I feel bad for Greta Thunberg.

Don't get me wrong. She has had opportunities few people in the world ever will have. She sailed across an ocean. She spoke to the United Nations. She even got to come to Rapid City and lead a rally and march to City Hall.

Apparently, there is nothing as offensive as someone who believes something you don't.

I've never seen a group of adults more afraid of a teenager than they are of a diminutive 16-year-old Swedish girl who wants to help save the planet.

Greta Thunberg has beliefs. She has seen the science behind man-made climate change and she believes that science shows a dire future for the planet. She also believes there is time to correct our course in order to improve our outlook.

Reading the hundreds of comments on any post on social media about Thunberg would make you believe she was a menace. She is brainwashed. She is a puppet. She is a political prop. One pundit recently mocked her for having Asperger's syndrome on FOX News — for which he was rightfully banned from the channel. Dinesh D'Souza — a convicted felon whose views are often abhorrent and welcomed on far-right platforms — likened her message to Nazi propaganda.

Others say she is only 16, so they won't let her tell them what to do.

Right wing pundits have proven themselves unable to debate the facts with this Swedish teen. Instead, they try to discredit and demonize her.

It is amazing.

She has no advanced education in science. She never claimed to have one. She simply cares about the planet.

Did her parents influence her beliefs? I don't know. Did your parents influence yours?

Is she a puppet? She doesn't appear to be. In person, she seems to be a reluctant hero. I don't think she ever imagined the impact she would have when she first started sailing across the ocean in a zero emissions yacht to deliver a message to the world.

She almost certainly never imagined that she would be invited to speak at the United Nations or bring a message about the environment to hundreds of people in Rapid City.

Thunberg's biggest crime is that she has been given an out-sized voice in the climate change debate. She gains attention with sincerity. Right or wrong, she is real.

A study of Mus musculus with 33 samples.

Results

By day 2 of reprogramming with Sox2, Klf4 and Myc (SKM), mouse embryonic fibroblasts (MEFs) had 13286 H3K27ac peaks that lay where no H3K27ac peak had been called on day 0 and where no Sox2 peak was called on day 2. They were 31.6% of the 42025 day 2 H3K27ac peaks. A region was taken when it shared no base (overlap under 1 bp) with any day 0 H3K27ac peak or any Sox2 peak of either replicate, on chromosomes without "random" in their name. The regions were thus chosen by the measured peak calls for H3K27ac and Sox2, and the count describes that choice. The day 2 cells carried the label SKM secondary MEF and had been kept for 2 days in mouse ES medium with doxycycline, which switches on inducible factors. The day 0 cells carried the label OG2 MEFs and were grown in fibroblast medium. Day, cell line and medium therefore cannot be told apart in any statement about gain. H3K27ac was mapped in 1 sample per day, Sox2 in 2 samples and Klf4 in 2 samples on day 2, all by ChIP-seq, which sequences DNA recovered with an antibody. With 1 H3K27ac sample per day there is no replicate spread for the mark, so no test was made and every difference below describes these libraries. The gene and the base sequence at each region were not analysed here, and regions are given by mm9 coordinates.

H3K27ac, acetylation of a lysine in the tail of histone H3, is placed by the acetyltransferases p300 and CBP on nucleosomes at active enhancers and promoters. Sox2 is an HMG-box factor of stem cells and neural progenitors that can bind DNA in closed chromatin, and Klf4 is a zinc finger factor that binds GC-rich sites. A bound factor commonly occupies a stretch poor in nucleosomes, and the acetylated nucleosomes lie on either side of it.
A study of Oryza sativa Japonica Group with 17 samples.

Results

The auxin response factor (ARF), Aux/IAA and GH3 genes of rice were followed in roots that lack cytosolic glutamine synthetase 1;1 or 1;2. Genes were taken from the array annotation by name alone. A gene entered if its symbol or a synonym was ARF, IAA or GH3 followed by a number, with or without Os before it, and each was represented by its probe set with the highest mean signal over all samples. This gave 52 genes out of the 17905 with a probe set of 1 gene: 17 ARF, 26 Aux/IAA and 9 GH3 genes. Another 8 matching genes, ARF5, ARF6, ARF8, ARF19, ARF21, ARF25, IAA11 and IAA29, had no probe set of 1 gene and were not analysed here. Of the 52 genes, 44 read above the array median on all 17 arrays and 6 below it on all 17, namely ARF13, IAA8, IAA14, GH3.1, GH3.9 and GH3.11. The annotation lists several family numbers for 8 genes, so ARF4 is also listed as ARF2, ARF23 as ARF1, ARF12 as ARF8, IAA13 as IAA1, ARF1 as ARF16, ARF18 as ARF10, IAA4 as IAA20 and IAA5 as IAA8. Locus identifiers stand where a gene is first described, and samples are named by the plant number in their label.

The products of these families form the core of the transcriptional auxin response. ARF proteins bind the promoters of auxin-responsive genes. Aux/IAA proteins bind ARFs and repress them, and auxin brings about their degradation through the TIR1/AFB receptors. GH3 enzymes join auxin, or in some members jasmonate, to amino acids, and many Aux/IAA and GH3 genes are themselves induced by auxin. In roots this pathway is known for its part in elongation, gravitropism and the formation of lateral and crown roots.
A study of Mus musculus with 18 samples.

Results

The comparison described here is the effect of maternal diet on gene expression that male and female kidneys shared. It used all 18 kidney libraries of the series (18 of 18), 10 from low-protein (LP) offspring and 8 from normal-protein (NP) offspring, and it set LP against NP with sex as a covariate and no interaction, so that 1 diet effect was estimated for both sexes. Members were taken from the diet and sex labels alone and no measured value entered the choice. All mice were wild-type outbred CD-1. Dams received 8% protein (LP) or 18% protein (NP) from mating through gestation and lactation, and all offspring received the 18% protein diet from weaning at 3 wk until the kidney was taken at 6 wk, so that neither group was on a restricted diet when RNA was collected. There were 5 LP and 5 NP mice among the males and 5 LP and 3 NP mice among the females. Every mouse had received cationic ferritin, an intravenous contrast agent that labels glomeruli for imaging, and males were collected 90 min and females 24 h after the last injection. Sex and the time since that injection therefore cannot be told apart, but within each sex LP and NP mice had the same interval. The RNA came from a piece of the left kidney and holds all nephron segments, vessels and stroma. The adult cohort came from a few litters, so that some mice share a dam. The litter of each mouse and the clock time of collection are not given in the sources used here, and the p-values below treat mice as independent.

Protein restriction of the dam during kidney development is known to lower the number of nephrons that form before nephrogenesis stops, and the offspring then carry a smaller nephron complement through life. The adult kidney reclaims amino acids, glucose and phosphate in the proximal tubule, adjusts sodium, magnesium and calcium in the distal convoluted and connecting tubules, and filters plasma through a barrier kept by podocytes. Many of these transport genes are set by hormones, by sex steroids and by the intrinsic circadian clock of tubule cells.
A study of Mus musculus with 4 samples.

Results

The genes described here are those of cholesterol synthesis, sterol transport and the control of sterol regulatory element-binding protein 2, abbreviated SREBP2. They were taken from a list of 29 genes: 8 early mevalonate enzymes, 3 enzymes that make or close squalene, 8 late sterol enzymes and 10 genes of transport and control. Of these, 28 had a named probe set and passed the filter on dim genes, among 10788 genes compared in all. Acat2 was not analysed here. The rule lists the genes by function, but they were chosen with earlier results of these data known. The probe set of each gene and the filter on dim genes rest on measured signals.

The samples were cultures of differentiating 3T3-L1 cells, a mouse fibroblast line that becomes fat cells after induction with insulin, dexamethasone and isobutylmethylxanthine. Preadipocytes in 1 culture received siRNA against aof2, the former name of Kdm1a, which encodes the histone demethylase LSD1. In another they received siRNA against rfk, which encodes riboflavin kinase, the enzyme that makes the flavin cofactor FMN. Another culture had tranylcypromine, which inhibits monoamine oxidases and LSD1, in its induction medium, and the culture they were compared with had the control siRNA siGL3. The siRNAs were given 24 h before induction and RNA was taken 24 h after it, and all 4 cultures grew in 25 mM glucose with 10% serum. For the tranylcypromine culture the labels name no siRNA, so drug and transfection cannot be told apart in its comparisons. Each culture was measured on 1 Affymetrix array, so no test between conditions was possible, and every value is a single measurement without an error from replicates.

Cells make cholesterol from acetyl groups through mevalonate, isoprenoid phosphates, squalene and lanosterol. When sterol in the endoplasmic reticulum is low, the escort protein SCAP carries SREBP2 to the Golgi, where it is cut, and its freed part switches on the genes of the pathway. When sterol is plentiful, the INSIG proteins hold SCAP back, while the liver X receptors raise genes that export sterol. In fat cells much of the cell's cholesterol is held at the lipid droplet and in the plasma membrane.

I'm not advocating for all world governments to seek legislative advice at the Oracle of Greta. I will listen when she speaks, because unlike 99 percent of those who brazenly criticize her, she has done the homework and knows what she believes and why she believes it. As for her being a puppet, check out how many commenters parrot what they heard on their favorite media outlets. Jim Henson didn't even have that many puppets.

I coach a co-ed youth soccer team for young teens — just a year or two shy of Thunberg. When I pulled one young woman out of the game, she said something under her breath. I asked her what she had said.


That's when I called her over and asked her to tell me what she said. Her opinion is valid. She told me why she thought I made a mistake in game management. I was able to explain why I made the moves I did, and she understood.

I told her never to apologize for having an opinion, but to be careful that she expresses her opinion respectfully and always be willing to listen as well as speak.

There are two lessons here. First, young women often have good ideas. Second, if you know what you are talking about, you are less threatened when someone challenges your position. Anger is often born in the frustration of not having a valid argument. That's when debate ends and fights begin.

Many people would do well to read more and comment less.

Don't be scared of teens who want to save the world. Take issue with the message. That's your right. But don't try to stifle intelligent and engaged young people.

Maybe they will save the world. Maybe they will save us from this generation of cynical and dishonest leaders. Somehow, I think the latter would be much more difficult than the former.